Turning in early and getting a sound night’s rest don’t exactly rank high on the to-do lists of most adults. Yet researchers at Johns Hopkins say there’s a strong case to be made that sleeping better leads to a healthier heart. Here’s what’s key.

Make Sleep a Priority

“I try to practice what I preach,” says Johns Hopkins expert Susheel Patil, M.D. “I try to get in bed and wake up at predictable times. I know I need seven to eight hours of sleep in order to function well the next day. If certain things don’t get done by the end of the day, they just have to wait, if I’m going to be helpful to patients the next day.”

More advice for better sleep: Create a calm, dark, quiet, place for sleep. Use your bedroom for sleep and sex only—not TV-watching, web-surfing, working, texting or even reading.

Without enough sleep, your risk for heart disease and heart attack goes up—no matter what your age, your weight, or how much you exercise or smoke. At the same time, people who already have high blood pressure, coronary artery disease, heart failure or a history of stroke tend to sleep more poorly, especially due to sleep apnea, a condition in which an airway temporarily collapses repeatedly during sleep, depriving the body of oxygen.

“Heart problems can influence sleep, and sleep can influence heart problems,” says Susheel Patil, M.D., clinical director of Johns Hopkins Sleep Medicine. “There’s quite a lot of overlap.”

Knowing How Much Sleep You Need

The textbook rule of thumb for adults is seven to eight hours a night. But because this can vary by individual, Patil says, “you should be able to get into bed and fall asleep within about 15 minutes, and wake up without an alarm clock, feeling rested. On average, the amount of sleep you get this way is probably the amount you need.”

Recognizing a Sleep Problem

Do you wake up tired and with a dry mouth? Feel sleepy or fatigued by day? These are signs of sleep apnea. Other sleep apnea symptoms include snoring, seeming to stop breathing during sleep, and gasping for breath or choking—which many people don’t realize they do, so it’s important to ask your bedmate, Patil says. Johns Hopkins research has shown that severe sleep apnea in middle or old age can up your risk of dying prematurely by up to 46 percent.

More obvious signs of sleep trouble include difficulty falling asleep and staying asleep. (In people with heart problems, fatigue—low energy or drive—is more common than sleepiness.)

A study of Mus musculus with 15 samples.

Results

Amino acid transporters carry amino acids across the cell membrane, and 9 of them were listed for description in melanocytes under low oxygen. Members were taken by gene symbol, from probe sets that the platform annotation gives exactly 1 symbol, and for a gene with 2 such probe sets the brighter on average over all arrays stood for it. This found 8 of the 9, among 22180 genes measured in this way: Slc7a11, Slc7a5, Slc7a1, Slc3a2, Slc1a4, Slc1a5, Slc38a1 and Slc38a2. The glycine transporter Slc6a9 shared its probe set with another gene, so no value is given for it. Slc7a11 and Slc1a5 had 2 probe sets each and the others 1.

How to Improve Your Sleep

  • Report worrisome symptoms to your doctor. Given that there are over 70 different sleep disorders and dozens of connected concerns, it’s important to pinpoint the problem. “If you’re not sleeping well, there’s likely a reason, as well as good treatment options,” Patil says.

  • Get the sleep problem and any underlying problem treated. Therapies for sleep apnea, for example, include use of a continuous positive airway pressure device. Someone with insomnia due to a different cause might benefit from cognitive behavioral therapy with a sleep psychologist.

  • Lose weight. Being overweight increases the risk of heart problems. And one of the best predictors of improved sleep is losing weight, especially belly fat, according to Johns Hopkins research. In a study of people with prediabetes and diabetes, those who lost belly fat improved sleep regardless of their age or gender, or how they lost the weight (for example, diet alone, or diet plus exercise).

Definitions

Prediabetes: When blood glucose (also called blood sugar) levels are higher than normal and not yet high enough to be diagnosed with diabetes. That’s an A1C of 5.7 percent to 6.4 percent (a way to estimate your 3-month average blood sugar reading), a fasting blood glucose level of 100 to 125 mg/dl, or an OGTT (oral glucose tolerance test) two hour blood glucose of 140 to 199 mg/dl. Prediabetes is also sometimes called impaired glucose tolerance or impaired fasting glucose.
Sleep apnea (ap-ne-ah): A disorder in which your breathing repeatedly stops or becomes very shallow as you sleep. Your breathing may pause anywhere from a few seconds to a few minutes. This ongoing condition disrupts your sleep, making you tired during the day and increasing your risk for heart problems, diabetes, obesity and driving or work-related accidents.